LucasArts said right from the start, two years ago, that they wanted to focus on gameplay not graphics; that the next generation had to be about the evolution of play mechanics. Well, if Lucas believes that the next-generation of gameplay hasn't started yet, it will definitely begin with a game like Fracture, and there's a trailer to prove it.


Really clever stuff. I'd like to see how this pans out. They need to change the look of the character though, in the video he looks a bit like Forest Gump in 'Naam but other than that its a stroke of genius

lil bush3757d ago

seen the trailer a couple days ago but yeah this game looks sick really cant wait............

and lair, oh so soon........

sak5003757d ago

..something refreshing, although to me the charcter looks like the black dude from Crackdown. I remember playing Red Faction which purported this deformation long time back. But what they achieved was very limited and only extended to areas which required you to blow up caves walls to move further, one couldn't deform everything. But now i think LA have managed to do something gamers have wanted for a long time. Although Battlefield Bad Company is also hyping their new destructable environment engine, lets see who pulls if off better. Can't wait for both of these to come.

Siesser3757d ago

This doesn't look like a Monkey Island game -_-

Kidding, kidding. The game looks really interesting and immersive. One thing I'm looking forward to in the next-gen, which I can't claim to have ever felt before, is for a game to be so thoroughly developed that I really feel I can do anything. Most games don't lead you toward taking creative paths towards resolving a conflict outside of just running straight ahead and gunning. I hear Half-Life was supposed to be a major "You think it, you can do it" kind of game, but I'm not big into FPS, despite having Resistance (which had minor such instances, but were from staged environments).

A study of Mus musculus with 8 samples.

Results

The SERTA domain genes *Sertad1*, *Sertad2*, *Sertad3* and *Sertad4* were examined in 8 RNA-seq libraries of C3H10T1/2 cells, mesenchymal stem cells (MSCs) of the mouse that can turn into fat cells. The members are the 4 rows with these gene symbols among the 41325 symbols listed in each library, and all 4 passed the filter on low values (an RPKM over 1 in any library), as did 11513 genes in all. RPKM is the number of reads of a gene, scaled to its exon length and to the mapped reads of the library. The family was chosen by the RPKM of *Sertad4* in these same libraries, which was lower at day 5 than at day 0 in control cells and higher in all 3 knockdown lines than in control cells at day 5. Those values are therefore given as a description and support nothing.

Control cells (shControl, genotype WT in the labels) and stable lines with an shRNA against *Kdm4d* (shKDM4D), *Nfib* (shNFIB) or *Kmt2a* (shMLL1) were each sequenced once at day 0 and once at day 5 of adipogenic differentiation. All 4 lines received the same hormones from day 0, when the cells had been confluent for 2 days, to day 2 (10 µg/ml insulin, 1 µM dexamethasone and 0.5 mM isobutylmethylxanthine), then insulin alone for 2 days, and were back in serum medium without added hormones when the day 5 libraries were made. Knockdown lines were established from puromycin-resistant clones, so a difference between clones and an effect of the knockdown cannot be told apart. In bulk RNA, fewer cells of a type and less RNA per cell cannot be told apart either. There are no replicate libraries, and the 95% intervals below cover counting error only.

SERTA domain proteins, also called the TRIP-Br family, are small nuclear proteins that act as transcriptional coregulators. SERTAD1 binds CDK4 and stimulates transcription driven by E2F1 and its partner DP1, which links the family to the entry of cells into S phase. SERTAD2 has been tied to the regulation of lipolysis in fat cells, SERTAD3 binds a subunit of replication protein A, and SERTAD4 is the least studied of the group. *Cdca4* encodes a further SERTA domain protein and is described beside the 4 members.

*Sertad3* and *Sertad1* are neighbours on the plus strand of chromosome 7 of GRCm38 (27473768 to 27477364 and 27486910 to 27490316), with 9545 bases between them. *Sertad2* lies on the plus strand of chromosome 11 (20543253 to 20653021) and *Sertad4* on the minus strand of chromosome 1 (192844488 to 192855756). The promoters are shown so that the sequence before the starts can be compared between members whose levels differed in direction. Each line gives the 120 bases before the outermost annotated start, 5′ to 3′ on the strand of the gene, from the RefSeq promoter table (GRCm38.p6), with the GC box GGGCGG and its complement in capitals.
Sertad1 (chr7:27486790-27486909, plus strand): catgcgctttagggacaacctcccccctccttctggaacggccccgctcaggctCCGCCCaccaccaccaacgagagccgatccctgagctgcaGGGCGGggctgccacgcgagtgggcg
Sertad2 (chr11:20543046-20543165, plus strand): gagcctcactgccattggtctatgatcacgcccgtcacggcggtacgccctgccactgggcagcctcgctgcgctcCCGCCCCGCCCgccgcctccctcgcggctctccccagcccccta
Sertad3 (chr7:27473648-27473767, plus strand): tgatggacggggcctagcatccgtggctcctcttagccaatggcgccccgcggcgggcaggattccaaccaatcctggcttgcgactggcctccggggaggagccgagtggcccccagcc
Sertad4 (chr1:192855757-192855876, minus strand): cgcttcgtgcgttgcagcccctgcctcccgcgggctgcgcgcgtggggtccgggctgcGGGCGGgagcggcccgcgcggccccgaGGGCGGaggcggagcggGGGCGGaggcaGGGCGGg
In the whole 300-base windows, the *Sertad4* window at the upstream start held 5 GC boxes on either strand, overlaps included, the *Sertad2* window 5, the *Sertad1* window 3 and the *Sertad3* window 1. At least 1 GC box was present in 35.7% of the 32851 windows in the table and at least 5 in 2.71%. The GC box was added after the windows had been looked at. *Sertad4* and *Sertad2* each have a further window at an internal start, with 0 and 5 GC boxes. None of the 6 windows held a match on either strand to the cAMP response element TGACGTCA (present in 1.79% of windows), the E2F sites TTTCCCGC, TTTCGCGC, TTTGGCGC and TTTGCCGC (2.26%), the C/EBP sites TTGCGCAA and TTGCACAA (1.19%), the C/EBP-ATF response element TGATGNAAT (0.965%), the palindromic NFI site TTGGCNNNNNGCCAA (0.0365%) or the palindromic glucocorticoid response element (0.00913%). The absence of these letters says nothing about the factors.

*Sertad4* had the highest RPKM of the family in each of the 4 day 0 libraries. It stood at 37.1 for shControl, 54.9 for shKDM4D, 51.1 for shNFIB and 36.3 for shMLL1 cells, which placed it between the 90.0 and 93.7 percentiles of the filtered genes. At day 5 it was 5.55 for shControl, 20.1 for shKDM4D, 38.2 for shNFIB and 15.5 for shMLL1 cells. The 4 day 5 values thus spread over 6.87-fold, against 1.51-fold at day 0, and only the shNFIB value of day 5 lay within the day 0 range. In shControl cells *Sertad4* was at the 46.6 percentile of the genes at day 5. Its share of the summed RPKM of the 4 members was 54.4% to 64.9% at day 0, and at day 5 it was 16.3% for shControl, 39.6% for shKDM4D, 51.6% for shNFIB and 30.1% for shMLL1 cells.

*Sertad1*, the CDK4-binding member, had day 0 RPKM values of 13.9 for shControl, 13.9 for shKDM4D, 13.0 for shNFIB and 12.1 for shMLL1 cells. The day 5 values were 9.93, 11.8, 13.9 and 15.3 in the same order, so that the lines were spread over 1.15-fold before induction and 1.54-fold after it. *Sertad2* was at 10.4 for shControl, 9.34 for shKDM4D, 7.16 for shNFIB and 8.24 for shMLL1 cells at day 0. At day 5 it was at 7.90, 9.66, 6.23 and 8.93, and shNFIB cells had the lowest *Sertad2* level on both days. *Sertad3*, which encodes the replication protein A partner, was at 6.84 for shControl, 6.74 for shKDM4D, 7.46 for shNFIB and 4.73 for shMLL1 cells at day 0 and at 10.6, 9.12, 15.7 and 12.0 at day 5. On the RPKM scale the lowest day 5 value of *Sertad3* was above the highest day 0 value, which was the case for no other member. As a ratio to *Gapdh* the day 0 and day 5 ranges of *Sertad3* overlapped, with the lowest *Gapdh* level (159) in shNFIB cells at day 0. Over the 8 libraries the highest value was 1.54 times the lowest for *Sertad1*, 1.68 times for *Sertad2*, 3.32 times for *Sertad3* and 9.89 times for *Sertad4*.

A game where everything is destructable/deformable seems to be a step in the right direction for that; when you looking not for the neon-lit path that the developers constructed for you to get through a level, but rather, thinking on your feet how best to handle a situation without knowing where the exit is. That's one method of getting more immersion in my eyes. The other is character interaction and control. The two games I've become most immersed in are Indigo Prophecy and SotC, mostly because of control. They both felt like open games, where you made all the decisions and were scripting the action more than following a script, especially IP. SotC was obviously a bit more linear, but when you approached a Collosus, it still felt like you were thinking you way through things on your feet; "how do I get up there, can I use that terrain, his turning radius is slow, etc." Indigo Prophecy was just so well thought out that you controlled everything from where you sat to whether you ate, how fast, paid the tip, etc. You ended up thinking in terms of I, and not in terms of "the character," which is the mindset I usually find myself in with games.

drtysouf213757d ago

Wow that looks interesting. I'll have to check that out when it is released.